Outstanding economic growth—will labour shortage stop it?
After independence in 1991 Slovenia decided to go for a gradual transition of the economic system, unlike in other countries of the region. The main reasons for following such a strategy were the early introduction of some economic reforms in the end of the 1980s when Slovenia was still part of Yugoslavia, the country’s relatively high level of development, and the rather painless separation from Yugoslavia when compared to other successor states. This relatively smooth transition enabled Slovenia to avoid major shocks and to benefit from a steady growth.
Slovenia became the first former Yugoslav republic to obtain the EU membership in 2004 and was the first of all the EU’s new member states to join the euro currency in 2007. While in the early 1990s the per capita income was 50% of the EU average it now reaches almost 90%.
The robust economic growth also boosted the labour market. The unemployment rate fell to 4.6 % in 2019. The long-term unemployment rate continued to decline, falling to 2.2%, well below the EU average. However, the long-term unemployment of the older workers remains a concern. Employment rates are at 76.5% being higher than the EU average. Strong demand for labour and a quickly ageing society are already creating major shortages of labour. With regard to social development the country presents low poverty and inequality rates and the gender pay gap is relatively small.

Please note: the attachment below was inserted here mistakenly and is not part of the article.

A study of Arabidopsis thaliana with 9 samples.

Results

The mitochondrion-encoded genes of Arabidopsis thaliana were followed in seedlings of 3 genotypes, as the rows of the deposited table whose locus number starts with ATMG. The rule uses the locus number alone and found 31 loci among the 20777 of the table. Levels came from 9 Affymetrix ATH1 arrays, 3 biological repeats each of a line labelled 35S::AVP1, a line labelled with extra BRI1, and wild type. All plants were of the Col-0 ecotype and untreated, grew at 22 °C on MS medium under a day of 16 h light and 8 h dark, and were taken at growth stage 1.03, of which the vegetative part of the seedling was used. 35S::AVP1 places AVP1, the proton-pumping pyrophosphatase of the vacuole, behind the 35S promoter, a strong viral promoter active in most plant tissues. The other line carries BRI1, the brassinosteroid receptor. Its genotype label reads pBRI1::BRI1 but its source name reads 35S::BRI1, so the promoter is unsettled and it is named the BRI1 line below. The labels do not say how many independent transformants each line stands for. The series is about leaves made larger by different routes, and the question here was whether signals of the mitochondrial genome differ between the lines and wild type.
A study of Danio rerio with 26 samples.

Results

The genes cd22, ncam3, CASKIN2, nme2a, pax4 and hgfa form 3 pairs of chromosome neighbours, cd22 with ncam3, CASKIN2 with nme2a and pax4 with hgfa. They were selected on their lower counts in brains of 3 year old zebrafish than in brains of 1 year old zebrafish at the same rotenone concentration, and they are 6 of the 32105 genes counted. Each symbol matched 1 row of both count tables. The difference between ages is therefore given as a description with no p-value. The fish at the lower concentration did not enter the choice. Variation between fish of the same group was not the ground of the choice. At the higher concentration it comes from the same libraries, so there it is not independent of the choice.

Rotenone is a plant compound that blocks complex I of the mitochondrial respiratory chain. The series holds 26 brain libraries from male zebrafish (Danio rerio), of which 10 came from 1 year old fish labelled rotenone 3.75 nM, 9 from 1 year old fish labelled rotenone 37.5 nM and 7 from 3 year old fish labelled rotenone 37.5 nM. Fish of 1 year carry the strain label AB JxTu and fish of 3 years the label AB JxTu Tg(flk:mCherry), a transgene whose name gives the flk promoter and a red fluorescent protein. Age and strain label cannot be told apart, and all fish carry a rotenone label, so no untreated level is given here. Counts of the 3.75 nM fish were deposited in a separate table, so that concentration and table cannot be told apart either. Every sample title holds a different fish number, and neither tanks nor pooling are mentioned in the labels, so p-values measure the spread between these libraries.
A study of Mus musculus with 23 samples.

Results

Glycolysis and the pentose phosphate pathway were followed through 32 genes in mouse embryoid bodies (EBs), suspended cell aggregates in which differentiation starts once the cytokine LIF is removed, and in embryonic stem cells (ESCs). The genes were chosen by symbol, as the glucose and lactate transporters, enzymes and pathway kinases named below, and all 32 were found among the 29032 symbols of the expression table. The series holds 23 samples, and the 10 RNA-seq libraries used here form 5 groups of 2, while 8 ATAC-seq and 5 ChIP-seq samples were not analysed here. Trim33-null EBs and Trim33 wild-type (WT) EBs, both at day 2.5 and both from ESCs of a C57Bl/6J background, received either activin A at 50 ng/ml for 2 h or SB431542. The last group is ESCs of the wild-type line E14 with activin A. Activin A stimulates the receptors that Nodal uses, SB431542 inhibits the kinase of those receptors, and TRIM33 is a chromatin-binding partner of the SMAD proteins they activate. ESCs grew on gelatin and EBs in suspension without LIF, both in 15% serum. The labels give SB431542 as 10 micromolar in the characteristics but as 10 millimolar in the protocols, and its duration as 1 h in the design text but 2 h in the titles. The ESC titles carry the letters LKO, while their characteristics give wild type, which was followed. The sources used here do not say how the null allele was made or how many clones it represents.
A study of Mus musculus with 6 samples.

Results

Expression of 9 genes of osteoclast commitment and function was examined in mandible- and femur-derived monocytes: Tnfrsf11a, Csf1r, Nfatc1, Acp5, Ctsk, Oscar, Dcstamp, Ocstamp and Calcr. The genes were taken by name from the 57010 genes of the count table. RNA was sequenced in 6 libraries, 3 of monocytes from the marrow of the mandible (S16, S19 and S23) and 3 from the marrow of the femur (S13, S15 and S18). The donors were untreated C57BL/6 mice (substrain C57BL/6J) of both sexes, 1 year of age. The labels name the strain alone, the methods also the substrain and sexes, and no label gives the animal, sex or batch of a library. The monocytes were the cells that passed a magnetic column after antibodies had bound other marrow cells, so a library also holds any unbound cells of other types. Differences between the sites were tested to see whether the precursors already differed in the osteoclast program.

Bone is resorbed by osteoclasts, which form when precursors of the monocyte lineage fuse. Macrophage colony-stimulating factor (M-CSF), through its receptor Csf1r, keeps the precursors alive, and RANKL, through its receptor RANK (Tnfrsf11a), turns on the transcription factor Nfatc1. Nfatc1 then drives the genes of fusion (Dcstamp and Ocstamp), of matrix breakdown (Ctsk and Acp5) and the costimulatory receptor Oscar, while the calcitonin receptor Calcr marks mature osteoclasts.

Slovenia and the ILO
Slovenia is a member state of the ILO since 1992.
The ILO has assisted Slovenia in its economic and labour market transformation and in its accession to the EU in 2004. Main areas of work included establishing and strengthening independent workers’ and employers’ organizations, social dialogue and tripartism, supporting the development of new active labour market policies, labour law reform and launching of regular labour force surveys, supporting pension reform and sustainable social security system as well as combating poverty and social exclusion.
After 2004, main areas of work included technical assistance in reducing youth unemployment and an analysis of the impact of the Great Recession on social dialogue, industrial relations and the pension system.